I apologize in advance for going all “Big Bang Theory” in this post but I think that the science behind this story is important in order to understand its relevance. If anything please keep reading to see if you can guess why the picture accompanying this post is of the video game character Q*bert and the actor Pauly Shore.

In a paper published in the Journal *Science*, a group of MIT and University of Innsbruck researchers designed a scalable quantum computer. The quantum computer was able to factor the number 15 using 5 qubits and laser pulses. Why is this important and what does it have to do with cryptography?

A qubit, or quantum bit, is a unit of information in quantum computing. Whereas in classical computers a bit is characterized by either a 0 or a 1, a qubit can be a 0, a 1 or both. Well not really both but something in between 0 and 1 based on superposition or wave propagation in quantum mechanics. A good analogy is a coin which is either heads or a tails in a classical computer but in quantum computing could be heads, tails or any angle as it spins on the table before dropping. Since qubits can exist in multiple states simultaneously, quantum computing has the potential to solve very difficult problems much faster than classical computers. I could go into it in more detail but I think you would close this window.

One difficult problem that quantum computers can solve is factoring large numbers into primes, which is the basis of public key cryptography. In public key cryptography the public key is known to everyone and is used for encryption while the private key is kept secret and is used for decryption. Both keys are based on the same two prime numbers. If a hacker can retrieve the prime numbers by factoring the public key it would be possible to determine the private key and decrypt the message.

In 1994 Peter Shor developed a quantum algorithm to calculate the prime factor of large numbers and thereby paved the way for a quantum computer-enabled hacker to retrieve a private key. There have been others that have used Shor’s Algorithm in quantum systems to factor numbers. What makes the MIT study so important is that they implemented Shor’s Algorithm with only 5 qubits and that the system is scalable. This creates the potential to use the same design to factor much larger numbers and break modern cryptography.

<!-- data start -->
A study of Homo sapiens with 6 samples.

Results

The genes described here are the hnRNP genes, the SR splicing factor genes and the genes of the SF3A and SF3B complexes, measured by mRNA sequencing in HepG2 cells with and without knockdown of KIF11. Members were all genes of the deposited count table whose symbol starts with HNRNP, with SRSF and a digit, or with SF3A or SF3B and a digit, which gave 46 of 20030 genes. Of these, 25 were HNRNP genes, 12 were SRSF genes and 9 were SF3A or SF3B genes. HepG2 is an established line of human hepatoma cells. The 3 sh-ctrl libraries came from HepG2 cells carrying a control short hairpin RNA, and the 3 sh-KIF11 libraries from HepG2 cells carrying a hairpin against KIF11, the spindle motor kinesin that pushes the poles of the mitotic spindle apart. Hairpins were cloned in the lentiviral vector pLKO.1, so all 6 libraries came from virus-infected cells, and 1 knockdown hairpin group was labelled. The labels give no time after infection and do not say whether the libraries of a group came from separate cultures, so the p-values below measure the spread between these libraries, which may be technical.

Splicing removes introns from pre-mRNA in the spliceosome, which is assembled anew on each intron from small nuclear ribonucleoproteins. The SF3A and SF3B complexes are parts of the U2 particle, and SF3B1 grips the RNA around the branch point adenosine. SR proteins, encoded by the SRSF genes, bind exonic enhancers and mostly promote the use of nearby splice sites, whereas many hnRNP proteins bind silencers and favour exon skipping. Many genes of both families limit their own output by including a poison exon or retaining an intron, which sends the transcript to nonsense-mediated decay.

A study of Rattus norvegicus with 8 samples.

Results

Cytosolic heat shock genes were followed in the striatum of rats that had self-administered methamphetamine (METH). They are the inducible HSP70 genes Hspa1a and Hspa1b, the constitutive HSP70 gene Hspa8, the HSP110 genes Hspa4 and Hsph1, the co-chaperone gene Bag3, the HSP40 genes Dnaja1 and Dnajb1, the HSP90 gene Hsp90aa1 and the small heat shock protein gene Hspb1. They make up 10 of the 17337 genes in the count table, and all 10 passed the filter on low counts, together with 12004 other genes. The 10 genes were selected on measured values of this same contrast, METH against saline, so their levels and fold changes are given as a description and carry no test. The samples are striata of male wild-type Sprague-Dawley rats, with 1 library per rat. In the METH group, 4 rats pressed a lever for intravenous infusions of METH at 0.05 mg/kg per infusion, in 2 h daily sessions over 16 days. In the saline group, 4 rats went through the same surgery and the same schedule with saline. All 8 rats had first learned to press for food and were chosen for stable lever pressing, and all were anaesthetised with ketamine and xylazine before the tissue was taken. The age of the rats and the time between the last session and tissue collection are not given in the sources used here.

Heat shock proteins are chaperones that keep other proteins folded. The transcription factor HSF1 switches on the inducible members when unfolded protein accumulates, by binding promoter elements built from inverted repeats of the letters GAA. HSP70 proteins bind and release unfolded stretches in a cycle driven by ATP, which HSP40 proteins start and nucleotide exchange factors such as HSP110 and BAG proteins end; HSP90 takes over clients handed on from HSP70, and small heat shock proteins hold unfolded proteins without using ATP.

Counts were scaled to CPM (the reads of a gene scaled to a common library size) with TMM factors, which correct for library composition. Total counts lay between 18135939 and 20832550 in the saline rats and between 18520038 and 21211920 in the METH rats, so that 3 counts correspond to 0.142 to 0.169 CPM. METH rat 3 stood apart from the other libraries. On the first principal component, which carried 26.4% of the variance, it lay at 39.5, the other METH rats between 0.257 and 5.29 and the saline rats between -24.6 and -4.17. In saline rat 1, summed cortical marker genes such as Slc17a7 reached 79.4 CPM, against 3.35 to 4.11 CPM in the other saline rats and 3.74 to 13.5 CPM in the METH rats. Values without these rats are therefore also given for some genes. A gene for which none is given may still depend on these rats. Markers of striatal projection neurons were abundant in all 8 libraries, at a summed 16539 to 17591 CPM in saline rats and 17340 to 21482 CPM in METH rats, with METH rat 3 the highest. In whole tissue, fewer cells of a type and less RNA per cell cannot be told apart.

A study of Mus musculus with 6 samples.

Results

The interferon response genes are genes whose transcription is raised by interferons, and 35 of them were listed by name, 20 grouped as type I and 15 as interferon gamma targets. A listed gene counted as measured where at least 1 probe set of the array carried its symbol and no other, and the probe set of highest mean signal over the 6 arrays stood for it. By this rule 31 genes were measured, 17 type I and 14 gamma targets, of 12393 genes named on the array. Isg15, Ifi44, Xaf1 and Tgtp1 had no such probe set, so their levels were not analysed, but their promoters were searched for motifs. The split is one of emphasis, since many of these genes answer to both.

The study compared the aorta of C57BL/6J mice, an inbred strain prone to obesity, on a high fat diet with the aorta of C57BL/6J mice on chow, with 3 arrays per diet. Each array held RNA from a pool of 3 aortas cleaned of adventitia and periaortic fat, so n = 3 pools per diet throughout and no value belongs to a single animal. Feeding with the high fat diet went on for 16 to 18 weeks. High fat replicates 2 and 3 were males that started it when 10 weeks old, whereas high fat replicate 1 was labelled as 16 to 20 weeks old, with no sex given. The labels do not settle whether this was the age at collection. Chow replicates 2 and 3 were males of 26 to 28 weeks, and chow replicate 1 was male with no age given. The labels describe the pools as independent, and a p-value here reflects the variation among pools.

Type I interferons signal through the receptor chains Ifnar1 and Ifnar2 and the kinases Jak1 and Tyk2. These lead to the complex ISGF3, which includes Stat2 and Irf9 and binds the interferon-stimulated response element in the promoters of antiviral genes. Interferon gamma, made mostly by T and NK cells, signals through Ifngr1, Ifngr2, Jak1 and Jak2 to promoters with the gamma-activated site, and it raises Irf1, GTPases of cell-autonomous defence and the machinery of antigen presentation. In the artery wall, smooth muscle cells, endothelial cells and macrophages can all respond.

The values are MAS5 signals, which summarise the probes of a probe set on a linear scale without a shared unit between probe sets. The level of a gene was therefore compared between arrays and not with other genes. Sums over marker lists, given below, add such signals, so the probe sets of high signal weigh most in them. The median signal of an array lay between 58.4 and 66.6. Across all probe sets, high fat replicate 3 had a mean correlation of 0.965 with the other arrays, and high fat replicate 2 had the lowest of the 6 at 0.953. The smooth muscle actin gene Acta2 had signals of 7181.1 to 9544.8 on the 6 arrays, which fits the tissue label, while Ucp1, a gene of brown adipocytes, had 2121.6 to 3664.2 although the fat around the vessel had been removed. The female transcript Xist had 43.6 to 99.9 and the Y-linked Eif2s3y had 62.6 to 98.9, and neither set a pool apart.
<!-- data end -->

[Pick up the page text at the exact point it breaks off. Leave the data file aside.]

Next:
At the end of last year the NSA announced that they were transitioning away from Suite B algorithms for classified and unclassified systems. This was odd considering the effort and expense many manufacturers had undergone to implement Suite B. Here is the reason they gave in the announcement. “Unfortunately, the growth of elliptic curve use has bumped up against the fact of continued progress in the research on quantum computing, which has made it clear that elliptic curve cryptography is not the long term solution many once hoped it would be….We look forward to your continued support as we work together to improve information security for National Security customers against the threat of a quantum computer being developed.”

I like how the NSA uses the term “the threat of a quantum computer” as if it is Godzilla coming out of the sea to destroy our major cities. Quantum computers may break public key cryptography but they will also herald quantum cryptography which will allow amazing things like preventing man in the middle attacks.

If you are concerned and would like to do something to protect mission critical systems TELEGRID would recommend incorporating quantum-resistant cryptographic techniques. For instance, symmetric key cryptography has thus far been proven to be quantum resistant and when used alongside public key cryptography can create a defense in depth strategy. Another idea is to increase key sizes in order to make it more difficult to factor your public keys.

The next wave of quantum computing will be very exciting for cryptography and the MIT report shows that it is much closer than we think.

Eric Sharret is Vice President of Business Development at TELEGRID.

Disclaimer: The opinions expressed here do not represent those of TELEGRID Technologies, Inc. TELEGRID Technologies, Inc. will not be liable for any errors, omissions, or delays in this information or any losses, injuries, or damages arising from its display or use. All information is provided on an as-is basis.